Before you head down your local running/outdoor shop and dive shoulders-first into the backpacks display, take a moment to consider what the best running backpack for you might entail.

• What kind of conditions will you be running in? If you're going to be run-commuting in Manchester during the winter months, for example, you're going to want something 100% waterproof.

• How much storage space do you need? You want to be running with the smallest and most minimal backpack that meets your needs.

If you're carrying little more than trackie bottoms, a T-shirt and a water bottle, a titchy-wee 8-litre backpack may be all you need; if you're regularly ferrying a laptop, folders, shoes and a full set of clothes, go for 20-litre capacity and up.

• What kind of straps do you want? You'll at least want a chest-strap to keep the backpack in place while running, but for extra stability a hip-belt can be a godsend – the chafing that jiggling shoulder-straps can cause is a literal pain in the neck.

If you do find that your backpack is rubbing into your neck as you run, consider applying some Vaseline or Body Glide to the effected area before heading off. Your skin'll thank you!

With that in mind, here are four of the best running backpacks – plus one oddball wildcard option – out there right now...

Ruggedly constructed with welded seams and a secure roll-top closer, this backpack offers the level of protection-from-rain you need if you're regularly running with laptops, tablets or luxurious angora sweaters in tow.

A chest strap, hip-belt and anatomically-shaped foam keep the bag firmly in place even when you've maxed-out its hefty 25-litre capacity, and it's surprisingly light given its size and toughness.

And while it may appear to be voguishly all-black, there are reflective elements to help keep you safe on late-night runs.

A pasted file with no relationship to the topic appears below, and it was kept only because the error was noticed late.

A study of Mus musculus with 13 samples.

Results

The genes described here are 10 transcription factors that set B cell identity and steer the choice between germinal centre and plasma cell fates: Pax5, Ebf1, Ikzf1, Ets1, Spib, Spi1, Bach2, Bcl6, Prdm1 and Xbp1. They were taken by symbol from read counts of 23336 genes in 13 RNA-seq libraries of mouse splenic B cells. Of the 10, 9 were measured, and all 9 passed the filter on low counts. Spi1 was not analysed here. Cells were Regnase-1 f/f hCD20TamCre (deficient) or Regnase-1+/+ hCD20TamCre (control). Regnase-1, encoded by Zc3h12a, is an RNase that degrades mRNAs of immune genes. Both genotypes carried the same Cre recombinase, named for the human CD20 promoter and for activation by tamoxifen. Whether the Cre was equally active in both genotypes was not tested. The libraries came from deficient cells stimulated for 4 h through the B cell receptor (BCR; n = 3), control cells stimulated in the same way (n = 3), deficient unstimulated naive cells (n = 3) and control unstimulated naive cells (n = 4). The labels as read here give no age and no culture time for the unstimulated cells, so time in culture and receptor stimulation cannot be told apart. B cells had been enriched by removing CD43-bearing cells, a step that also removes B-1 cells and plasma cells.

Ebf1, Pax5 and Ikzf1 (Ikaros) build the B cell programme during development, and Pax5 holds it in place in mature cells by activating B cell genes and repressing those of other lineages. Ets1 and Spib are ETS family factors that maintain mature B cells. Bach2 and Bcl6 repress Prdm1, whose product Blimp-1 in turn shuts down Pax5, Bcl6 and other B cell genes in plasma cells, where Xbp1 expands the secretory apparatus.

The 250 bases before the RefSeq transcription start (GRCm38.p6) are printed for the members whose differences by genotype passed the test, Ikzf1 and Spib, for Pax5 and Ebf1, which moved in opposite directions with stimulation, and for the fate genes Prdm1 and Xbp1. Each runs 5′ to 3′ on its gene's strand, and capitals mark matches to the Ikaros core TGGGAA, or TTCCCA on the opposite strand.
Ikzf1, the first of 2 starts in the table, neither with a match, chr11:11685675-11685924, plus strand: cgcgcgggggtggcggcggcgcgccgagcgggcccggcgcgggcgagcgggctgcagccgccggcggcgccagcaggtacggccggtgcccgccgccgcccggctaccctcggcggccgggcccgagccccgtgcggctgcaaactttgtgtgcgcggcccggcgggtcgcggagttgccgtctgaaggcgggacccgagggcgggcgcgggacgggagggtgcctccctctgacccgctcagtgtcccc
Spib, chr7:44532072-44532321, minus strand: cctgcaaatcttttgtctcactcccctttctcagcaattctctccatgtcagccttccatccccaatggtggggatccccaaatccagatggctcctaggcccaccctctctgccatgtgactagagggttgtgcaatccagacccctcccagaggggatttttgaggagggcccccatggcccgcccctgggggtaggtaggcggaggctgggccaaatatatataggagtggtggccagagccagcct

£49.99, available at

At this price you're obviously not going to get bleeding-edge tech and materials, but unless you'll be running with a heaving cargo, the X Lite could be all you need.

There are chest- and hip-straps, easy-to-access side pockets, and an internal hydration pocket that you can pop a water-bladder and straw into. Plus, it's barely-there light.

It is, by the way, available in colours other than retina-searing pink, if that's not really your cup of tea...

£19.99, available at Sports Direct

By far the lightest and brightest backpack here, this featherweight number from veteran US sportswear company Saucony keeps things pleasingly minimal.

What it does have is a chest-strap (no hip-strap – a bonus if you find them annoying); two mesh side-pockets big enough for bottles; and a removable foam backboard, if you want to really strip things down to the bare bones.

The Speed Of Lite may be ultra-thin, but it ain't flimsy: it's made of Ripstop, a hard-wearing fabric used in parachutes.


If you want to run unencumbered by a backpack – and you don't have much to transport beyond a wallet, keys and a phone – a FlipBelt could be a godsend.

Essentially a belt crossed with a bumbag, you slide your belongings inside the FlipBelt through its small openings, before flipping it over to keep them firmly in place.

We've road-tested one for several weeks, and – surprisingly – it neither rides up nor slides down while you run, and can be trusted to handle objects as large and heavy as a Samsung Note phablet.


Many women, particularly those with slender builds, can find that even smaller backpacks don't hug their figure properly, causing them to jiggle about and chafe during running.

Osprey's latest 'daypack' is perfect for smaller frames, however, and its adjustability, quality materials and clever air-ventilation make this a solid bet if comfort is your number-one priority.

The nine-litre capacity is just enough to handle a netbook/tablet, shoes and maybe a couple of items of clothing. It's not cheap, but it is extremely well-made, and built to last you years/hundreds of miles.